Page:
Why is the UK lagging behind on 4G rollout? And can anything be done about it? Simon Brew has been finding out more…


Earlier this month, the long-awaited announcement of 4G rollout in the UK was finally made. As of 11th September four cities have been benefiting from test 4G networks Birmingham, Cardiff, London and Bristol and come December, a further 12 will be added.

The plan, from those foundations, is to extend coverage to 70 per cent of the UK population by the end of 2013, and then for that figure to reach 98 per cent by the end of 2014. Important people have been making confident noises about such targets being met.

The 4G evolution

4G is one of those lovely abbreviations where it's assumed that everyone knows what it means, too. Standing for fourth generation, with 4G, the obvious tangible advantage of it will be the faster mobile internet access that on offer. Thus, while 4G' doesn't specifically refer to any particular brand of technology per se, it's accepted that it's referring to a higher capacity network, capable of delivering web access faster.

With that in mind, the news that the rollout has begun is surely good. The existing 3G infrastructure's limits have long been discovered, and 4G demand is unlikely to be low. People want, not unreasonably, faster, more reliable data access. Furthermore, operators themselves want to be able to offer faster, and inevitably more expensive, services.

Starting With EE

In the UK, EE (nee Everything Everywhere) is spearheading the 4G rollout, although that in itself is not without controversy. Rivals are already protesting that EE has had an unfair head start in the marketplace. After all, EE's technology is using existing facilities for its network, and the government isn't planning a full auction for a few months yet. That's led to mobile networks threatening legal action, a threat that's only been dampened for the time being. We'll come to that shortly. Still, for the consumer, at least the upshot here is that something will be available this year.

For EE, it gets to boast that it's offering the "first UK 4G network", and it's also got a network in place for the launch of Apple's iPhone 5, which will be able to use it. Apple, earlier in the year, had hit problems with the Advertising Standards Authority, when it advertised its iPad as having 4G capabilities. It gave a glimpse into the frustration over the speed of 4G roll-out: the hardware has been ready to take advantage of it for some time, it's the infrastructure that has been lagging behind.

The truth is that it's still lagging, too. Inevitably, it's the likes of Japan and Korea that have been leading the way with 4G rollout, but as O2 complained last week, there are still things to unravel in Britain. And this comes back as much to politics as technology.

The auction

Currently in the UK, Ofcom is planning to hold the auction which will decide how to slice up the 800 and 2600MHz bands come the end of the year. This is a process that O2, amongst others, has been urging to be accelerated. There's an obvious business reason for that, in that every week that goes by with just EE in the market, it gives one company the kind of advantage that's been complained about. But there's also a frustration that the process in itself is simply taking too long.

Even once the auction is complete, there's work to do. The 800MHz band, for instance, is still used for other things (including air traffic control), and before it can be deployed for 4G services, it needs to be cleared. That work isn't expected to be completed until the autumn of 2013. The 2600MHz band will be available to use quicker, and the incoming 4G services are expected to use it a little quicker. EE currently runs its services in the available space on the 1800MHz band.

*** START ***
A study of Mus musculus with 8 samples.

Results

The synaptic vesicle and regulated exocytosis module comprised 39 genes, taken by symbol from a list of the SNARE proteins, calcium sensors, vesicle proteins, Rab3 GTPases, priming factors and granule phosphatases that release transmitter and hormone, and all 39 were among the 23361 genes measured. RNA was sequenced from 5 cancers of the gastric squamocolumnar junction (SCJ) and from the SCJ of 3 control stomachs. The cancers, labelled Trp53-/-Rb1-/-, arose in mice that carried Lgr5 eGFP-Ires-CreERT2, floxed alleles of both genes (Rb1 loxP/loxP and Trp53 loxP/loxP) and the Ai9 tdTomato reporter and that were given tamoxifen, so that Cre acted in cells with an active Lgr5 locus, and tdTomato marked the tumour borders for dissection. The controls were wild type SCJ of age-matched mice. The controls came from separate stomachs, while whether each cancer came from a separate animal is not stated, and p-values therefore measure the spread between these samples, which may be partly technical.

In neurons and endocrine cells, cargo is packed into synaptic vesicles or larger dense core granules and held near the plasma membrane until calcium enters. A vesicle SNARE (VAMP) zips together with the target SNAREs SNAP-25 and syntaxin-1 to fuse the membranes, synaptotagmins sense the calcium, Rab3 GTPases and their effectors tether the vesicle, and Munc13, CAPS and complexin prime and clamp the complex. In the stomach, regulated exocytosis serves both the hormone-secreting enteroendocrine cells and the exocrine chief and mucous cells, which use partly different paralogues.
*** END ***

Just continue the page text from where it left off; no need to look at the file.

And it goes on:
Obviously there's a logistical challenge in ensuring that such frequencies are cleared and fully available for use. But also, it's little surprise that 4G has been coming. Questions have been raised, with no surprising answers, as to why the process continues to drag on. The auction was first being talked about the best part of five years ago, and it's still not happened.

The likes of O2, Vodafone and Three, each inevitable winners of the eventual auction, are, as you'd expect, putting things in place to deploy 4G services as soon as they get full access to the appropriate frequencies. But Ofcom's process, and the logistical work, remains an obstacle.

The next-gen iPhone cometh

The iPhone 5, as it turns out, may yet prove a catalyst to Ofcom accelerating its plans. As things stand, EE could have a full year of being the only operator to offer 4G services in the UK, and at the very least, that's likely to have legal ramifications. If Ofcom can't accelerate that, then the mobile operators are likely to turn to the courts to at least get recompense for the delay.

That, though, could have a further knock-on effect. Any legal issues could, in turn, delay the auction taking place, and the operators themselves will be keenly aware of that. It's more than likely in their interests to threaten the release of their legal wolves rather than unleash them, at least until the spectrums have been divvied up. After that, though, it's inevitable that the torturously slow UK 4G rollout will undergo an extensive post-mortem.

The problem, of course, is that billions of pounds of annual revenue for the companies involved are at stake, and while that's the case, such processes will continue to go slower, rather than faster. Future advances in technology are likely to hit similar issues, and the UK will continue to face a real challenge not in identifying what it wants to deploy, but in coming up with a mechanism by which it can do so quickly.

Perhaps, as the assorted lawyers of the assorted companies work out the existing conundrum, they might also want to put some things in place to unblock the obstacles they currently encounter for the future.